Critical Thinking Rubric Pdf To Word
The VALUE rubrics were developed by teams of faculty experts representing colleges and universities across the United States through a process that examined many existing campus rubrics and related documents for each learning outcome and incorporated additional feedback from faculty. The rubrics articulate fundamental criteria for each learning outcome, with performance descriptors demonstrating progressively more sophisticated levels of attainment. The rubrics are intended for institutional-level use in evaluating and discussing student learning, not for grading. The core expectations articulated in all 16 of the VALUE rubrics can and should be translated into the language of individual campuses, disciplines, and even courses. The utility of the VALUE rubrics is to position learning at all undergraduate levels within a basic framework of expectations such that evidence of learning can by shared nationally through a common dialog and understanding of student success.
This rubric is designed to be transdisciplinary, reflecting the recognition that success in all disciplines requires habits of inquiry and analysis that share common attributes. Further, research suggests that successful critical thinkers from all disciplines increasingly need to be able to apply those habits in various and changing situations encountered in all walks of life.
This rubric is designed for use with many different types of assignments and the suggestions here are not an exhaustive list of possibilities. Critical thinking can be demonstrated in assignments that require students to complete analyses of text, data, or issues. Assignments that cut across presentation mode might be especially useful in some fields. If insight into the process components of critical thinking (e.g., how information sources were evaluated regardless of whether they were included in the product) is important, assignments focused on student reflection might be especially illuminating.
The definitions that follow were developed to clarify terms and concepts used in this rubric only.
- Ambiguity: Information that may be interpreted in more than one way.
- Assumptions: Ideas, conditions, or beliefs (often implicit or unstated) that are "taken for granted or accepted as true without proof." (quoted from www.dictionary.reference.com/browse/assumptions)
- Context: The historical, ethical. political, cultural, environmental, or circumstantial settings or conditions that influence and complicate the consideration of any issues, ideas, artifacts, and events.
- Literal meaning: Interpretation of information exactly as stated. For example, "she was green with envy" would be interpreted to mean that her skin was green.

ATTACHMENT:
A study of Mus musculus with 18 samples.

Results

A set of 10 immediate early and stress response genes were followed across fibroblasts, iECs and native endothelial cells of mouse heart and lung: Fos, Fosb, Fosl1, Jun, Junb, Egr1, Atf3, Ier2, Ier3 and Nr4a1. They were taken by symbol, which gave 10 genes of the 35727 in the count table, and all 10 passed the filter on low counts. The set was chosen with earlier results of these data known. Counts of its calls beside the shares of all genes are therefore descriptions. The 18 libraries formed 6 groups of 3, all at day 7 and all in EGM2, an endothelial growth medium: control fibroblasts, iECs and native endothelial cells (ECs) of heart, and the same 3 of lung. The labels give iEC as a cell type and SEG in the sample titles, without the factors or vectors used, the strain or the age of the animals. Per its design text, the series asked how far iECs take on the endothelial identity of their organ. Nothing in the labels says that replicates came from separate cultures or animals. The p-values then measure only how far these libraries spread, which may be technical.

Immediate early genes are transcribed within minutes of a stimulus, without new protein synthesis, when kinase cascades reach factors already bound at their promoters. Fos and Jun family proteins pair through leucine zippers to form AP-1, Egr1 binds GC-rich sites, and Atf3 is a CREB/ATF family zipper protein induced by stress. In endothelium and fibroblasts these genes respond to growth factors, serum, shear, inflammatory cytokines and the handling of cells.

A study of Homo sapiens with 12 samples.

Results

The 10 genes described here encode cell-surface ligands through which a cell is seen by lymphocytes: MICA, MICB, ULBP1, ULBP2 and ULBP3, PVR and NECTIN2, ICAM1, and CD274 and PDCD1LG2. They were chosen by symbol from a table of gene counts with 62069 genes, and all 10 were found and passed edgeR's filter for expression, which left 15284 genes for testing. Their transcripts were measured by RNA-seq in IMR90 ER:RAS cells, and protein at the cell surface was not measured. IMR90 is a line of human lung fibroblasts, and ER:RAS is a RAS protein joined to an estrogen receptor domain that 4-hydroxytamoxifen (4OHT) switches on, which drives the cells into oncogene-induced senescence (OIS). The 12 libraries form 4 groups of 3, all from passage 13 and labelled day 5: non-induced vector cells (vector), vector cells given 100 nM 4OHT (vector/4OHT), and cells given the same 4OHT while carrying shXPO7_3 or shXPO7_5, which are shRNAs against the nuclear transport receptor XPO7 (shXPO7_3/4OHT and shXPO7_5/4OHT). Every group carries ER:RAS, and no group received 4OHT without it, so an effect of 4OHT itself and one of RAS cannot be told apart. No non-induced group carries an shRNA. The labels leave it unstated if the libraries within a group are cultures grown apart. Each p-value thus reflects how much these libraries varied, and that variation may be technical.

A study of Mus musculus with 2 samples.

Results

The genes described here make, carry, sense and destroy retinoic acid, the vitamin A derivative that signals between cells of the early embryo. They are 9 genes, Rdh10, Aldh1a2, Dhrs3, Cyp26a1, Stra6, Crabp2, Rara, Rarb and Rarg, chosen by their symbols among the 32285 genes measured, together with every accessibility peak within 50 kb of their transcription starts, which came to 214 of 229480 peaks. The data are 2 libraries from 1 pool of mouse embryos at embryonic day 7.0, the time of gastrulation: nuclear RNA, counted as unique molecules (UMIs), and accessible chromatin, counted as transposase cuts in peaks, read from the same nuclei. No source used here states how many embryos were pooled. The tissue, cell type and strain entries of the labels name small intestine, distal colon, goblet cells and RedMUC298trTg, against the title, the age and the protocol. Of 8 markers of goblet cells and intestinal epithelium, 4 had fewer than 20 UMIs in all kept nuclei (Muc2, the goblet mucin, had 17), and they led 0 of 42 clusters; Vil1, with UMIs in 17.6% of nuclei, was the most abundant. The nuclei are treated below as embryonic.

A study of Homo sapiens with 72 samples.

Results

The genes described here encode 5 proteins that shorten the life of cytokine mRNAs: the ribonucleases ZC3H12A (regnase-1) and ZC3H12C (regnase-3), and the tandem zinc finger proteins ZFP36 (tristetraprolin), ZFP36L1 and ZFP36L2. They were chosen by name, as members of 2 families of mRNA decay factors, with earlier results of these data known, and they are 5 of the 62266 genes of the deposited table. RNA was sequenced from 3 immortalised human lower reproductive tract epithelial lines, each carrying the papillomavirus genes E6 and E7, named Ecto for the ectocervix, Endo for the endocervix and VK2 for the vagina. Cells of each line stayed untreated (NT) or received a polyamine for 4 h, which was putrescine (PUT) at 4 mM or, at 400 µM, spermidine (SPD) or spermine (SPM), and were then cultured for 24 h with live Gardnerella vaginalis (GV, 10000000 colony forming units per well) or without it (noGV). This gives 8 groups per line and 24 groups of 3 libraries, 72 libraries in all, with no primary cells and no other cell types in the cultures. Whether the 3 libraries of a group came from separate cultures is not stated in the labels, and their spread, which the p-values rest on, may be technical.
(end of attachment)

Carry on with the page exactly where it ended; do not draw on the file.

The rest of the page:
- Metaphor: Information that is (intended to be) interpreted in a non-literal way. For example, "she was green with envy" is intended to convey an intensity of emotion, not a skin color.
Acceptable Use and Reprint Permissions
For information on how to reference and cite the VALUE rubrics, visit: How to Cite the VALUE Rubrics.
Individuals are welcome to reproduce the VALUE rubrics for use in the classroom, on educational web sites, and in campus intra-institutional publications. A permission fee will be assessed for requests to reprint the rubrics in course packets or in other copyrighted print or electronic publications intended for sale. Please see AAC&U's permission policies for more details and information about how to request permission.
VALUE rubrics can also be used in commercial databases, software, or assessment products, but prior permission from AAC&U is required. For all uses of rubrics for commercial purposes, each rubric must be maintained in its entirety and without changes.
Core Learning Outcomes Rubrics
Lane's Core Learning Outcomes (CLO) rubrics were developed jointly by members of the Assessment Team and Lane faculty from across disciplines. These rubrics are developed to measure and score student abilities in the five Core Learning Outcomes: Think, Engage, Create, Communicate and Apply.
CLO Rubric Templates
Word templates: CLO1: Think | CLO2: Engage | CLO3: Create | CLO4: Communicate | CLO5: Apply
Google Docs templates: CLO1: Think | CLO2: Engage | CLO3: Create | CLO4: Communicate | CLO5: Apply
Other CLO rubrics
Discipline Rubrics Organized by CLO
CLO1: Think Critically
CLO2: Engage Diverse Values
CLO3: Create Ideas and Solutions
CLO 4: Communicate Effectively
CLO 5: Apply Learning
Rubrics are a valuable aspect of core learning outcome assessment:
- They can be used to assess the relative success of particular assignments or projects.
- They can assist in assessing how well a faculty is addressing specific core outcomes.
- They can be used in a pre and post score process to see if students have improved over the course of the term on specific outcomes.
It is considered strong pedagogy to share rubrics with students to make outcomes as clear as possible. Discussing the rubric with students can lead to interesting dialogue about the value of these core outcomes and the language associated with the rubrics and core outcomes.
These rubrics are not meant to be used as a grading tool, but rather as an assessment tool. All students may or may not be able to reach mastery levels of the rubric, nor is that the expectation. Helping students move from beginning levels to developing and or proficient levels is an important and valuable outcome, as is establishing the value of core learning in a students academic and personal development.